I began to feel old and weary as I heard the news about the death of Mansur Ali Khan, who before the abolition of the privy purse in 1971 figured on the scoreboard as simply the Nawab of Pataudi, spectacularly robbed of all other markers of his individuality other than his privileged class. Indeed, the humbling realisation of having already lived through a few decades dawns on us, quite suddenly and ferociously, only at the news about the death of our childhood heroes. As long as they are alive, we believe we are still young.
I burrowed deep into my memory to relive the magical moment when I discovered the man they also called the Tiger, my first hero. It was 1969 and I was still a boy in shorts. Around the quaint Murphy radio were huddled the family elders, listening to the commentary—my first ever—on the cricket match between India and Australia in Bombay. Pataudi had stroked the Aussies around. He entered the nervous 90s; he reached 95, prompting an uncle of mine to say, “He’s capable of hitting a six to reach his century, you know.” The crowd at the Brabourne stadium was already in raptures.
Suddenly, there was a hush. A mournful voice over the radio said, “The Nawab of Pataudi is out.” An incredibly long pause followed, and the commentator floated in, again, “The Nawab of Pataudi is out.” He paused before adding, “The Nawab returns to the pavilion.” In the room the elders had their heads bowed. It was my discovery of what makes a hero—he has the power to make a nation rejoice, he can also turn a people sad.
As I embraced Pataudi as my first childhood hero, I discovered innumerable stories about the man who, much to my surprise, had another, rather ordinary name—Mansur Ali Khan. His incontestable Muslimness, I soon discovered, was a crucial factor behind the love my family, as also the community, bestowed upon him. Long before Mohammed Azharuddin’s advent, Pataudi was a compelling argument to silence those who believed the Muslims were doomed to be discriminated against in India.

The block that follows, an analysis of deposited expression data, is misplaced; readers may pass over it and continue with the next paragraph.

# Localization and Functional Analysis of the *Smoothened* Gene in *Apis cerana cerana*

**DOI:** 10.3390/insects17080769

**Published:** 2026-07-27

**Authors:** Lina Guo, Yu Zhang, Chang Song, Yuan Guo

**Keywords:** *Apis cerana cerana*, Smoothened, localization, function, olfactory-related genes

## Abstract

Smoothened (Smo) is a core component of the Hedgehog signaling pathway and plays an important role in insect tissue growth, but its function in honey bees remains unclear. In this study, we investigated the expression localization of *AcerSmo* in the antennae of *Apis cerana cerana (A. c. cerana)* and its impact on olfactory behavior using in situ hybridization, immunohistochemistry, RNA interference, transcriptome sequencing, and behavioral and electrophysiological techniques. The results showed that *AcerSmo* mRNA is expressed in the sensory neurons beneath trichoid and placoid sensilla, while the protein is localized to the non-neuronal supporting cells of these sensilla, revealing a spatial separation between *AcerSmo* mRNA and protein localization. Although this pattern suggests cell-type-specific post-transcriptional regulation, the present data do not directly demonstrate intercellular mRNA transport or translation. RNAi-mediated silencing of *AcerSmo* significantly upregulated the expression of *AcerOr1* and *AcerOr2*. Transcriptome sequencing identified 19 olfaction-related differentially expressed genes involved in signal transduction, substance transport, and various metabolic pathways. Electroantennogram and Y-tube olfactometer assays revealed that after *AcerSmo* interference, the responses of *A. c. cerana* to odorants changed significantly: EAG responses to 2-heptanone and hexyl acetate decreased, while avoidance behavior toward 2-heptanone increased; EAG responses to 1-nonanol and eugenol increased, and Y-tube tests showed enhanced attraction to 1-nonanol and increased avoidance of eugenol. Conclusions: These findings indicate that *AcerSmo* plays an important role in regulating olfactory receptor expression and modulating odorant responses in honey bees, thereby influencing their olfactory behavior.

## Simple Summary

It was consequently inevitable for many to read a communal subtext in the BCCI’s decision to sack Pataudi as captain for the 1971 tours of the West Indies and England. He dropped out of the team, choosing instead to contest—and eventually lose—the 1971 parliamentary election from Gurgaon. For me, his defeat was a shock as big as his dismissal on 95 against Australia. How was I to know that rural India didn’t care for a prince who from then on, because of the abolition of the privy purse, was to appear on the scoreboard as Mansur Ali Khan (Pataudi).
But for our generation, he was Pataudi without parenthesis. By then, I knew stories about him—his father was Nawab of Pataudi Sr, who for a long time was the only cricketer to have played for two countries; the car accident in which he lost an eye and which was popularly believed to have been replaced with one of stone; how he saw every object in double and the method he devised to identify the real one; how he batted with one eye and one leg to score a fighting 75 against the Aussies Down Under; his electric fielding, his flamboyance, his genius as a captain. And, not to forget, his propensity to get out as soon as Sharmila Tagore walked in to watch him. “He wants to spend time with her, don’t you know,” it was said. It was consequently a great relief to hear about the news of their marriage, the photographs of which the Urdu magazine Shama spread over several pages.
We felt the injustice done to him in 1971 had been reversed when he was reinstated as captain in 1974 against the visiting West Indies. The breathtaking series, which India lost 3-2, reinforced for all times to come the enduring romance about Pataudi—he scripted an Indian fightback after trailing 2-0. A batting cameo in the Calcutta Test augmented the Pataudi lore. Hit on the chin by a Roberts bouncer, retiring hurt to get the wound stitched, he returned to hit Vanburn Holder for 19 runs in one over. Etched forever on the mind is the image of Pataudi, his chin taped, leading his men around the Eden for a victory lap.
As my memory unspools, I receive a text message from the uncle who in 1969 thought Pataudi could reach a century with a six: “V V upset to hear of Pataudi’s death. He was my childhood hero and remained one till his dying day.” With the family of Pataudi, we now too mourn—for what he meant to us, for an era gone by.